The Largest Chinese Temple in Thailand
Those of us living in Bangkok and Thailand in general are used to seeing Chinese temples and shrines littered about the place. They are all part of the rich tapestry that is Thailand but naturally reflect the roots of many of its citizens.
The other day, chatting to some friends just before the Chinese New Year celebrations one of them said to me "Have you been out to see the Chinese temple at Bang Bua Thong? It's not far from here. Apparently it is the largest in Thailand." Well like most others I have been to Bangkok's Chinatown which lies basically between Hua Lumphong railway station and Ratchawongse ferry pier but I had never heard of any special Chinese temple in Nonthaburi province, for it is there. I was given some general directions but this being Thailand i knew that I would have to go and find and see it myself and then I would be able to post this information on this blog!!
Wat Leng Yi Noei 2
Once I got home I looked up "Bang Bua Thong Chinese Temple" on Google. Interestingly there really isn't much written about it and certainly no clear directions how to get there by public transport!! Nevertheless I had an address and a reasonable idea of where it was and therefore how to get there. It turned out to be surprisingly easy albeit requiring a reasonable amount of walking. Simply put, you take the 134 bus on Rattanthibet Road and ask for Wat Chine (sounds more like Jean, the woman's name.) It is quite a long ride and is about 2 km past Big King which is the most obvious landmark. Once you get off the bus you cross over the road by the overhead walkway and go down the road with the entrance arch saying St. Mary Mediatrix, alternatively you can take a motorcycle taxi as there are several hanging around here. From the main road it is actually a bit of a hike but you just follow the signs to Wat Leng Yi Noei 2 which , even as a Thai sign, is obvious. After a while the temple is visible albeit quite a way off and you just follow your nose so to speak, walking past shop houses and the like.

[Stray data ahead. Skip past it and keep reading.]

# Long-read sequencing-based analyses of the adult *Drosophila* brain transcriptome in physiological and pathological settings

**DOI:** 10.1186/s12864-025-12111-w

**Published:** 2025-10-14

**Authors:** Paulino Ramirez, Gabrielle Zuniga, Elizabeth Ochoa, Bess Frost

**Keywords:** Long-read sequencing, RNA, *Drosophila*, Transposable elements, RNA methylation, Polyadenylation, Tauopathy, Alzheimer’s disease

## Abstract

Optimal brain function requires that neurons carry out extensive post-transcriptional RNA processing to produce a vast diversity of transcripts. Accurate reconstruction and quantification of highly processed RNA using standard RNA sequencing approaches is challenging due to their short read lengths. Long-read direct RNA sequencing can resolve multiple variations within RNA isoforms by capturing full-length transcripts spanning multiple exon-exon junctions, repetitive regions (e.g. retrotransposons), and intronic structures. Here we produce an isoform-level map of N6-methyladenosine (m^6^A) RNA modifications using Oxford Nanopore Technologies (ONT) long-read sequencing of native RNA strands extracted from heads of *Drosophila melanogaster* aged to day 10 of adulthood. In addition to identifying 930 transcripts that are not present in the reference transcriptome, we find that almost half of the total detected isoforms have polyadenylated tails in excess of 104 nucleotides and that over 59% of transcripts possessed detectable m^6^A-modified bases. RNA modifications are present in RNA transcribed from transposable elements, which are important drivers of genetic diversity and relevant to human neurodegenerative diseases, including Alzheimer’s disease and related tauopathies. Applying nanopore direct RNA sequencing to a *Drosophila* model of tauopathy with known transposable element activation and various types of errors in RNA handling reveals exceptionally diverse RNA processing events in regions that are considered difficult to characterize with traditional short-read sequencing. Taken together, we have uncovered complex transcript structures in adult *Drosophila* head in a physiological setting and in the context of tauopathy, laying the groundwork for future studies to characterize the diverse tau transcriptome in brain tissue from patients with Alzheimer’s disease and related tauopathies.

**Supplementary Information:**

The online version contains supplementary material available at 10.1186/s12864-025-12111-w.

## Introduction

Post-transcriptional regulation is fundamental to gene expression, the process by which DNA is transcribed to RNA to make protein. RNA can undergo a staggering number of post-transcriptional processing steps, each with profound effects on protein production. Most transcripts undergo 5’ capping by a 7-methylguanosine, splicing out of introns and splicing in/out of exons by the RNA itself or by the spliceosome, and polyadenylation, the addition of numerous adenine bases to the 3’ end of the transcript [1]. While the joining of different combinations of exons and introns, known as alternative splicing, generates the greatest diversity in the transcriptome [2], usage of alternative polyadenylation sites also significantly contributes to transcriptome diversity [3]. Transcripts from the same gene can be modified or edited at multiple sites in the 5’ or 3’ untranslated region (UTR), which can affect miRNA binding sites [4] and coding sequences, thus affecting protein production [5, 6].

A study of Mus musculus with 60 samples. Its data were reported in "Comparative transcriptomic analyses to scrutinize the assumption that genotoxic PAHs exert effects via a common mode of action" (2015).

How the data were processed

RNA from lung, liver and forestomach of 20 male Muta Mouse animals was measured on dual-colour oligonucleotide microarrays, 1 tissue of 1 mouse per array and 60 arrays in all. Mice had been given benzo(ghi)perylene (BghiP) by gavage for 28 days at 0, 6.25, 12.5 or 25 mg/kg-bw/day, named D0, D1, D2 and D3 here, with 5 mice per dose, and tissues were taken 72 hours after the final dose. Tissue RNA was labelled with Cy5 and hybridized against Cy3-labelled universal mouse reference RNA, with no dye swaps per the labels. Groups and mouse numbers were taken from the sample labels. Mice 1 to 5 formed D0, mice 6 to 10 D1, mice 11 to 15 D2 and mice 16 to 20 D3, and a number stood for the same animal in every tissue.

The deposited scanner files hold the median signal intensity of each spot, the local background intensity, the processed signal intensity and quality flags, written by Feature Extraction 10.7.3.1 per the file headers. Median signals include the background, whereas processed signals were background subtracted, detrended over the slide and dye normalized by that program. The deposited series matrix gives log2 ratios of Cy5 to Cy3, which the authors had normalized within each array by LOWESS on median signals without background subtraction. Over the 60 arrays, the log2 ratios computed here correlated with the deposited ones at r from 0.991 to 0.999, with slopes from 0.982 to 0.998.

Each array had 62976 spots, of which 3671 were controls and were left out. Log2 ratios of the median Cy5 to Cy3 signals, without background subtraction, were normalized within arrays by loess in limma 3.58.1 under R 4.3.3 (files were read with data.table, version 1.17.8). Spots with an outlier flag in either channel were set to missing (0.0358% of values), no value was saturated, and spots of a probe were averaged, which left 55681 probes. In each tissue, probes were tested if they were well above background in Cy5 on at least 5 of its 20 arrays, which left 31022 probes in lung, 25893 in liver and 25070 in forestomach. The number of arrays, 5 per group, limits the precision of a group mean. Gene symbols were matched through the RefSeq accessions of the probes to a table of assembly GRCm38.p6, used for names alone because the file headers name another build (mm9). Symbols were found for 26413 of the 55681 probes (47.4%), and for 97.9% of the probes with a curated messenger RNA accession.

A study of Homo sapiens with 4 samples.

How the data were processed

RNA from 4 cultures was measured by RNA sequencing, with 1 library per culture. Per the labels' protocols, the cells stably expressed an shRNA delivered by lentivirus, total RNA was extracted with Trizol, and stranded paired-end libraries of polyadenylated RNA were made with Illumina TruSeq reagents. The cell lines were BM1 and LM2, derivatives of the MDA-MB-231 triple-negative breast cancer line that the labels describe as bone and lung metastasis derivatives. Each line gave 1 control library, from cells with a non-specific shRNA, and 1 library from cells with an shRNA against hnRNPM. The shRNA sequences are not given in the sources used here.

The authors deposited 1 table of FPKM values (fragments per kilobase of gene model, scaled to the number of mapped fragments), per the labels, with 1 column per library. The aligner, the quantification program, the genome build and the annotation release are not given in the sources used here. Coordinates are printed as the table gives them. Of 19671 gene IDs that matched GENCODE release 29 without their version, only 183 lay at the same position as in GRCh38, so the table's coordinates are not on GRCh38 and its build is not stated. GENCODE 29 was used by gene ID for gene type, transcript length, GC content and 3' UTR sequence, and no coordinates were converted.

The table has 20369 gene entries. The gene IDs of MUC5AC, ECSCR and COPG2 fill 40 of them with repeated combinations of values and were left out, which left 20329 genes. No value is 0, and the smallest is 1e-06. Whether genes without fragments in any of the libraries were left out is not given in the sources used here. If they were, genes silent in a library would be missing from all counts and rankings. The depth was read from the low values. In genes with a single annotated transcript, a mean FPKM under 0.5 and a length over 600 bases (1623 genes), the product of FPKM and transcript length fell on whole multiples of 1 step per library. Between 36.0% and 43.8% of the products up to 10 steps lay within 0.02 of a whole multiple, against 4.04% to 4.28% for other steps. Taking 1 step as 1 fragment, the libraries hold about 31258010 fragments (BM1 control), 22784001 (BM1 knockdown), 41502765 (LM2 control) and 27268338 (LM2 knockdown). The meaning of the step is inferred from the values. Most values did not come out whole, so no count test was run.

Wat Leng Yi Noei 2
On approaching the temple it is obviously quite an imposing sight with traditional Chinese gates at the front and then several levels of steps leading up to the main buildings. The front room or chamber has the traditional Chinese temple guards and walking through this chamber leads on, via a small courtyard, to a three tiered audience hall with a variety of Buddha statues both large and small interspersed with other Chinese deities like Kwan Yin (the Goddess of Mercy). It is strictly shoes off when entering any of the main chambers.
On one stage the wall is covered in mini buddha statues that one can buy and have placed on the wall with your name (10,000 baht at the time of this visit.) All around the the ceilings of the covered walkways are adorned with traditional Chinese temple motives with the colour red obviously being in abundance.
No doubt the temple itself is impressive and well worth the visit. Sadly there are no 'grounds' to speak of where one can wander and enjoy the sight of the temple from various angles. In addition the surrounding area is pretty slummy, although this might have been caused by the recent floods which affected this area badly. Nevertheless it is a pity that no trouble has been taken to make the overall surrounding area as pleasant experience as the temple itself which undoubtedly is worth a visit.